Steve Bugeja: Day Release

Thu 6th – Sun 30th August 2015

reviews

Fergus Morgan

at 02:26 on 14th Aug 2015


With his shy smile, neat button-down shirt and chirpy squeak of a voice, Bugeja is simply adorable. Day Release, his hour-long set, however, arranged as one story with many digressions, is also a masterclass in comedic construction.

Bugeja’s comedy is centred on himself, and his self-effacing style is obvious from the start as he shows the audience a blown-up copy of his first Facebook profile picture. So begins the tale that forms the central thread of his show. Bugeja takes the audience back to his early teens, and from there follows the story of his unrequited love for best friend Amy, from their first (and only) kiss in his Peugeot 206 to the day of her wedding to ‘villain of the piece’ Rick, when he had to ferry her criminal father from prison to the ceremony.

Bugeja takes us on this journey in an engaging, enjoyably natural manner, frequently pausing to delve down side-alleys and by-roads into other areas of his past, but never allows the pace to slacken enough for the audience’s attention to wander. His command over his own material is an absolute joy to behold.

Much of Bugeja’s comedy is born of an ability to laugh at himself and in particular at his own crippling anxiety . “I just don’t do things that scare me”, he confesses, referring to his fear of awkward and embarrassing social situations. Yet he is also a master of the not-so-subtle aside, muttering insults and confessions under his breath to much amusement. “Fuck off, arsehole”, he frequently mumbles after mentioning love-rival Rick.

For the most part, Bugeja’s interaction with his audience is faultless, if not as sharp as his rehearsed material; his comments and rejoinders are never particularly witty. He is undoubtedly strongest when in the midst of his own life, providing the audience with needless specifics in a faux-sincere fashion as he relates episodes from his past.

But in truth, any criticism is nit-picking in the extreme. Last year, Bugeja hosted Pleasance’s brilliant comedy showcase The Comedy Zone, after winning the prestigious BBC Radio New Comedy Award in December 2013. Day Release is his debut solo show and it is an undoubtedly triumphant progression, the next step for a comedian clearly destined for greatness.


at 09:57 on 14th Aug 2015


The genius of Steve Bugeja’s show lay in its structure. Rather than adopting the traditional format of stand up, by moving from one subject to the next with only a slight sense of coherence, Bugeja decided to base his stand up around one story, with relevant tangents adding a sense of variety to the performance. The idea worked brilliant not only because the story was incredibly interesting, but also because it allowed for a sense of cohesiveness which is often a key element to any good comedy show. As the evening progressed, I found myself becoming more and more invested in the progression of his story and the outcome at the end. Bugeja somehow combined merciless comedy (calling a firefighter a ‘dick’ for example) with sincere humility and and warmth.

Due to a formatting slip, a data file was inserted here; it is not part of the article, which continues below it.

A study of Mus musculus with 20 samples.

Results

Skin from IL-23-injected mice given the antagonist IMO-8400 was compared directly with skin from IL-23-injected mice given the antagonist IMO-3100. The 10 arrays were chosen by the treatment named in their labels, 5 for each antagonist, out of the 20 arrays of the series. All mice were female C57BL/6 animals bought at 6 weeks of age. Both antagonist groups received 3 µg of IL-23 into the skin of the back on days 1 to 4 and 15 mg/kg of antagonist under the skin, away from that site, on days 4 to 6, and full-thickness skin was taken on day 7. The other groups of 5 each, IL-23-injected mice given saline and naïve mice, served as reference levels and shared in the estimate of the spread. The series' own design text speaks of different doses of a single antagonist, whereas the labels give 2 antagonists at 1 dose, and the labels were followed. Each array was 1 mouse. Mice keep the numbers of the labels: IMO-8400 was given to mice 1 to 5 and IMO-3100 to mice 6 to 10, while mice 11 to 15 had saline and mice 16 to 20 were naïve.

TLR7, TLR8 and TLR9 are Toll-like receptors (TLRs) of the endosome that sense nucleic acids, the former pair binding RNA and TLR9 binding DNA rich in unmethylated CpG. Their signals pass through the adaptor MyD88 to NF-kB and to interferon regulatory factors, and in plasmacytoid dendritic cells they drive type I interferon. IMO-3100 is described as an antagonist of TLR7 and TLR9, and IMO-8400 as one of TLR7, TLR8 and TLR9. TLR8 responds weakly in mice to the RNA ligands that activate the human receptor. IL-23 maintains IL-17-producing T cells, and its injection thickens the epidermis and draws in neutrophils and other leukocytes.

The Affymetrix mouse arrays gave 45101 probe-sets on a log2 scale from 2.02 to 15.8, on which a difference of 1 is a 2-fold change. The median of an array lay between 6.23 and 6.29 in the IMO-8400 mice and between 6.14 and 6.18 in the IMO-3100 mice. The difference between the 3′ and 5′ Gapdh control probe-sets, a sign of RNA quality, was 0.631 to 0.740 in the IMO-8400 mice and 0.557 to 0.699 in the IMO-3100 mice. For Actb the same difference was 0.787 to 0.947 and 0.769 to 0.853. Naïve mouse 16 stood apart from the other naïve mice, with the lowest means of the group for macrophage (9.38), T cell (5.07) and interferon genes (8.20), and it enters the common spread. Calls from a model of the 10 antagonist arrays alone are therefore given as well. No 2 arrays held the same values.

More often than not, comedians adopt the position of the underdog (or ‘geek’ if you will) in order to generate some laughs. With Bugeja, however, (and I really do mean this in the nicest and most complimentary way possible) you get the feeling that it is genuinely true. His account of his school days are both truly entertaining and truly tragic, with a vast majority focussing on the issues one faces when they had a MILF for a mother. My personal highlight, however, must have been Bugeja’s account of his first (and last) experience in a lap dancing club. You can see the genuine sense of horror and confusion he felt at being in such an alien environment,

During his recap of this unfortunate evening, Bugeja showed off his talents in terms of audience repartee. Often, comedians completely overstep the mark and attempt to shoe horn in every type of interaction they can possibly get. However, Bugeja handled audience interaction only when appropriate and in a very controlled manner; a clear sign of his potential to become a comedian of professional standards.

Bugeja’s set is well worth your time and money this festival. If you want to see something totally unique and relentlessly funny then head down to Just The Tonic and book your tickets now.